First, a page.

Britain must spend billions to bridge gap in research

MPs say sea-change in funding is needed to catch up with global rivals


The Business, Innovation and Skills Committee wants the Government to commit to a target to lift UK R&D spending to 3 per cent of GDP in five years’ time, to fully capitalise on its science base and close the gap on international rivals by bolstering links between universities and businesses.

According to its report, the UK’s gross spending on research stood at £27bn or just 1.7 per cent of GDP in 2012, far below the £250bn a year or 2.8 per cent spent by the US. France and Germany also invest more than 2 per cent of GDP in R&D every year.

Raising the UK’s R&D spend to 3 per cent by 2020 would mean a £48bn outlay every year given the predicted £1.6trn size of the economy in five years’ time.

Adrian Bailey, chairman of the BIS Committee, said: “In 1979, the UK was one of the most research-intensive economies. Now among advanced industrial economies, it is one of the least. If the UK is going to punch its weight in the global economy, and help businesses succeed in international markets, the Government needs to bridge this structural gap in R&D funding.”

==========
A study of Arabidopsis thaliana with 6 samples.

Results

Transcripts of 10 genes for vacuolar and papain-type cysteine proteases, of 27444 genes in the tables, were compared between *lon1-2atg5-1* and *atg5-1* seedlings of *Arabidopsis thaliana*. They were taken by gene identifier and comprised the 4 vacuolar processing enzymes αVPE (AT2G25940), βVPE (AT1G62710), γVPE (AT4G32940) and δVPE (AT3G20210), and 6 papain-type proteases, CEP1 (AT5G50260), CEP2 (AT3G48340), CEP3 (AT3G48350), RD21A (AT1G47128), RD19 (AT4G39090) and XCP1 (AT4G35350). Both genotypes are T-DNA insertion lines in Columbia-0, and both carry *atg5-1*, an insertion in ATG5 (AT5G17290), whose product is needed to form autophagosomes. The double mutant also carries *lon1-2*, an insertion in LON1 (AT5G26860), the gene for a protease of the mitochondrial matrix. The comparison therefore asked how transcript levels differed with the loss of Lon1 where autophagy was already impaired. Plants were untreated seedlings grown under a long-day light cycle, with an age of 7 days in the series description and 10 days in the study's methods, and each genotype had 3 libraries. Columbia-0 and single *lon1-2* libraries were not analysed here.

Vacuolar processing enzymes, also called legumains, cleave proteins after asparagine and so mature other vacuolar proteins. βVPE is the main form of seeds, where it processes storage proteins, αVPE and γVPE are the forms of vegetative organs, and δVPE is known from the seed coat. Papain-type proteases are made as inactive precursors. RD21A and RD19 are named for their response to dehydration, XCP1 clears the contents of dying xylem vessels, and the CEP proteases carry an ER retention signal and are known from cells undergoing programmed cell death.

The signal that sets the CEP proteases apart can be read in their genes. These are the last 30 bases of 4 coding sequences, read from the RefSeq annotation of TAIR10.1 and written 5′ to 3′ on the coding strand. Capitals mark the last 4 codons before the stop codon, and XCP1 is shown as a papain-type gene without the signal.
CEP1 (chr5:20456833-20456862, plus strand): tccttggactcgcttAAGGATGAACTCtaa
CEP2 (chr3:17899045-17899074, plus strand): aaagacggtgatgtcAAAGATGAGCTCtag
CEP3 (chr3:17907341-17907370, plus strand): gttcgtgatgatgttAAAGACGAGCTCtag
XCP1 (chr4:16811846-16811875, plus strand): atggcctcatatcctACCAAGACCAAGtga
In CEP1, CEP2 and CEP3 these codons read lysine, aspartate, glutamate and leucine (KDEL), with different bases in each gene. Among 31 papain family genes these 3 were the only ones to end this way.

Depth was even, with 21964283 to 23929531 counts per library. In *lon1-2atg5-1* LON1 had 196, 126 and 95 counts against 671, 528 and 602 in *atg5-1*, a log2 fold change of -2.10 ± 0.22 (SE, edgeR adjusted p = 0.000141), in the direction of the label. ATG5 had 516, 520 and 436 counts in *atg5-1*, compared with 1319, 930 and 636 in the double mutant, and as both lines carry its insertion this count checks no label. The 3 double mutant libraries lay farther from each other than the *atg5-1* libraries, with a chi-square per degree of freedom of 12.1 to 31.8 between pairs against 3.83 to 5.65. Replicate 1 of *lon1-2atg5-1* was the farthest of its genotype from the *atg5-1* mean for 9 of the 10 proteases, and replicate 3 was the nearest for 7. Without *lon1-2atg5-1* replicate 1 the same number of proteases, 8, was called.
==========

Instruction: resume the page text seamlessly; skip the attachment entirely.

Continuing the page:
The MPs also called on the Government to protect the science budget in future spending rounds to ensure its economic potential was not “throttled”, as well as implementing the recommendations of the recent review conducted by the technology entrepreneur Hermann Hauser. Among his recommendations was expanding the Government’s so-called Catapult centres – which give businesses and academics access to expensive equipment and laboratories to build prototypes – from the current seven to 30 by 2030, backed by £400m in funding.

The committee said more could be done to improve communication between businesses and universities. Mr Bailey added: “We have a world-class university research and science base but not enough is being done to harness the potential economic benefits of this expertise. Other countries, such as Germany, seem to get more value from their scientific activity than the UK.”

The Government’s technology body, Innovate UK, is overseeing the roll-out of the Catapult centres. Chief executive Iain Gray said: “We need to make sure that all of us avoid the temptation to take a short-term view and invest our time, effort and financial support into something that will have much longer-term benefits.”